Direct Pipe machine lifted from sea in Scotland 14 Dec 2017

Modulift News Release

Pipeline contractor Stockton Drilling has completed multiple lifts of a 28 tonne, 18m-long Herrenknecht Direct Pipe TBM that was working beneath the sea at the Beatrice Offshore Windfarm project at Portgordon, Scotland. The lifts were performed using a Modulift custom lifting beam mounted on a rented barge.

The TBM is lifted by the 120 tonne capacity crane
The TBM is lifted by the 120 tonne capacity crane

The Herrenknecht Direct Pipe system was chosen, using an AVN1000 micro tunneling machine, to install two 48-inch by 450m steel landfalls to carry high-velocity cables. This system lines the tunnel as it advances, and was selected due to difficult geology at the site.

In what is believed to be a world-first, the TBM was recovered from the sea after each drive. Divers attached the 34 tonne capacity, 16.6m-long beam designed by Modulift to the TBM so that a 120 tonne capacity crane, placed on a rented jack-up barge, could lift it out of the water and place it on a multi-cat for return to the harbour.

“The product satisfied the requirements and standards set out at the beginning of the project,” said Patric Ridge, Business Development Manager at Stockton Drilling. “Lifting the TBM in one piece was a swift, safe and efficient process. Weather conditions had to be just right in order to perform the lift, so it had to be completed in a timely and safe manner. The process was complicated by a depth of water less than 10m.”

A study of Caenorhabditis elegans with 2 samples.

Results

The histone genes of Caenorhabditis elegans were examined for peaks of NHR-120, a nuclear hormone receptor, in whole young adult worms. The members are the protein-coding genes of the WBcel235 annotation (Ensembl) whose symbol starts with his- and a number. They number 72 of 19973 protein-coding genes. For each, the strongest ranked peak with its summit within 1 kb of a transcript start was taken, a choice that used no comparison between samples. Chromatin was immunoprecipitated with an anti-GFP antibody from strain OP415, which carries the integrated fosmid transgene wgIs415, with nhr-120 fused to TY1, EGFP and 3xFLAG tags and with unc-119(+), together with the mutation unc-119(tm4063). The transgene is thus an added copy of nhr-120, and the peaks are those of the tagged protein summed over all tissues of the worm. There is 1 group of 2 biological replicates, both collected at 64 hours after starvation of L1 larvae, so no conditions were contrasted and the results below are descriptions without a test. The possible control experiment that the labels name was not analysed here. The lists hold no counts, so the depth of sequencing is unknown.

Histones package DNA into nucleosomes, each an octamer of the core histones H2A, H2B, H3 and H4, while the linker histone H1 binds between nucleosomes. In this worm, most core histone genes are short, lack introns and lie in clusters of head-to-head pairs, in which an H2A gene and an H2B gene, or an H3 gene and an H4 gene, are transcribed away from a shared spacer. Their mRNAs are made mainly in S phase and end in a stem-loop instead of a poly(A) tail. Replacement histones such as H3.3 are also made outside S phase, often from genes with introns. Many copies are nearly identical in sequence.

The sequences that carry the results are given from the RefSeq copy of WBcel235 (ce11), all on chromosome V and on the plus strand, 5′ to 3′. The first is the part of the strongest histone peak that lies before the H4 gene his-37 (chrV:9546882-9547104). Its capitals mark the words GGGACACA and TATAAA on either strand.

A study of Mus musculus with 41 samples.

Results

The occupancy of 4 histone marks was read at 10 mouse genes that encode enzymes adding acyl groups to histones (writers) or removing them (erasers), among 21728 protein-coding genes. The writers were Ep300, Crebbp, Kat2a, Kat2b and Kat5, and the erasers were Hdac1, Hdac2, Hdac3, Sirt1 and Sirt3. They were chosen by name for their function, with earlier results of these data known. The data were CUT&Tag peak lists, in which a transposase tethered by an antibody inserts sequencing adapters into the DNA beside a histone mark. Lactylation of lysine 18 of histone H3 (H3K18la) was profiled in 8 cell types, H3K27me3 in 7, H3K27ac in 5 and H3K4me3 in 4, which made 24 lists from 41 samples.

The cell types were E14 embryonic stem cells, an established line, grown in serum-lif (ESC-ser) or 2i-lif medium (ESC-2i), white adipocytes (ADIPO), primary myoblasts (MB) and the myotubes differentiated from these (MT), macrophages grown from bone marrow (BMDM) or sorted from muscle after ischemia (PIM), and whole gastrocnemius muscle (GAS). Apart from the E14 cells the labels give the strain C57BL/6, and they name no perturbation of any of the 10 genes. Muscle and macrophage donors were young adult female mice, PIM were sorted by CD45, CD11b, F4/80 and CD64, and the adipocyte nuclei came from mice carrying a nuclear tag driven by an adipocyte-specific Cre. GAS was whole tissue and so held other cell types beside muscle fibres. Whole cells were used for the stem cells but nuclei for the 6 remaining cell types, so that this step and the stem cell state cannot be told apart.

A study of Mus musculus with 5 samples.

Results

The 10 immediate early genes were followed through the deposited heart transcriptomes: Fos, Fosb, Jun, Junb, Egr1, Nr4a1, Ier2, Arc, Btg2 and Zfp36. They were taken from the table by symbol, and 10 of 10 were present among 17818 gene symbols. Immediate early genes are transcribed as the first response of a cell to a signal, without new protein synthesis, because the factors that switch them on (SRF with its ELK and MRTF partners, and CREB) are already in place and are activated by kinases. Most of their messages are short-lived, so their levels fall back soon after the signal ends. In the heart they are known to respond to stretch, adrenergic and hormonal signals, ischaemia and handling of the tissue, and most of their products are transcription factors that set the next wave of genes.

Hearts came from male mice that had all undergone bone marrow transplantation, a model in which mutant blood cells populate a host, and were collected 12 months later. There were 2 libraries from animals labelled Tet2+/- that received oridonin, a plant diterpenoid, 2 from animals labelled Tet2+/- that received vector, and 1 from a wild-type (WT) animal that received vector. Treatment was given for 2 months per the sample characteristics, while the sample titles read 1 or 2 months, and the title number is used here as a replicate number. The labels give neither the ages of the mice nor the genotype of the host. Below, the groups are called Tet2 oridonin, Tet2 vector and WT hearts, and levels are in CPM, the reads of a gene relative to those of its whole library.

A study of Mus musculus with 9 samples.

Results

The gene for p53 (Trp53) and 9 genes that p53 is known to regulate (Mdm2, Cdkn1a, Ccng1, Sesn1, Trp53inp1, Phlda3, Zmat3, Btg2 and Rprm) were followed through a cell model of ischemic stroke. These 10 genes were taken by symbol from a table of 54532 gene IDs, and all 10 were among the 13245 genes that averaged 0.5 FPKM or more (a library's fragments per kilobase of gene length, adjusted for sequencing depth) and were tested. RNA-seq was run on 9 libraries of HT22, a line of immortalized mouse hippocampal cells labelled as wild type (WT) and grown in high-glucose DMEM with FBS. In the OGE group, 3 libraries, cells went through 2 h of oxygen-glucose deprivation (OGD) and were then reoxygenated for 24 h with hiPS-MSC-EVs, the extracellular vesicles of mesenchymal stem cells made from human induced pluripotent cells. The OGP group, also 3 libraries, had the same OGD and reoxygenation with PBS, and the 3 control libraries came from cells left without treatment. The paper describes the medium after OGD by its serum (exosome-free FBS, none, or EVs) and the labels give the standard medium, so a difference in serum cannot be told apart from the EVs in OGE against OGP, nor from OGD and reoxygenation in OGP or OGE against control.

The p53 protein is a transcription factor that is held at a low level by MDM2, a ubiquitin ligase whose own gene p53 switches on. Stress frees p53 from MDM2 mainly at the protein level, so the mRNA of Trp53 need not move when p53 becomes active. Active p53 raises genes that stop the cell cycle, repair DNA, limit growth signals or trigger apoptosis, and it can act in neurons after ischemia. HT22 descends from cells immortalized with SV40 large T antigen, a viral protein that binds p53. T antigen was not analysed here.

The TBM was submerged for less than 48 hours for each 420m drive, approximately half-a-mile offshore. Surface alluvial comprising pebbles and cobbles and overlaying bedrock of weathered sandstone prevented the use of more traditional horizontal directional drilling methods. The beach area around the landfall site is also a designated Site of Specific Scientific Interest (SSSI). Stockton has retained the beam for future use.

The Beatrice Offshore Windfarm project is one of the largest private investments ever made in Scottish infrastructure and produces 584 megawatts from 84 turbines situated in the outer Moray Firth, powering approximately 450,000 homes at a cost of £2.6 billion to its investors SSE, Copenhagen Infrastructure Partners and Red Rock Power.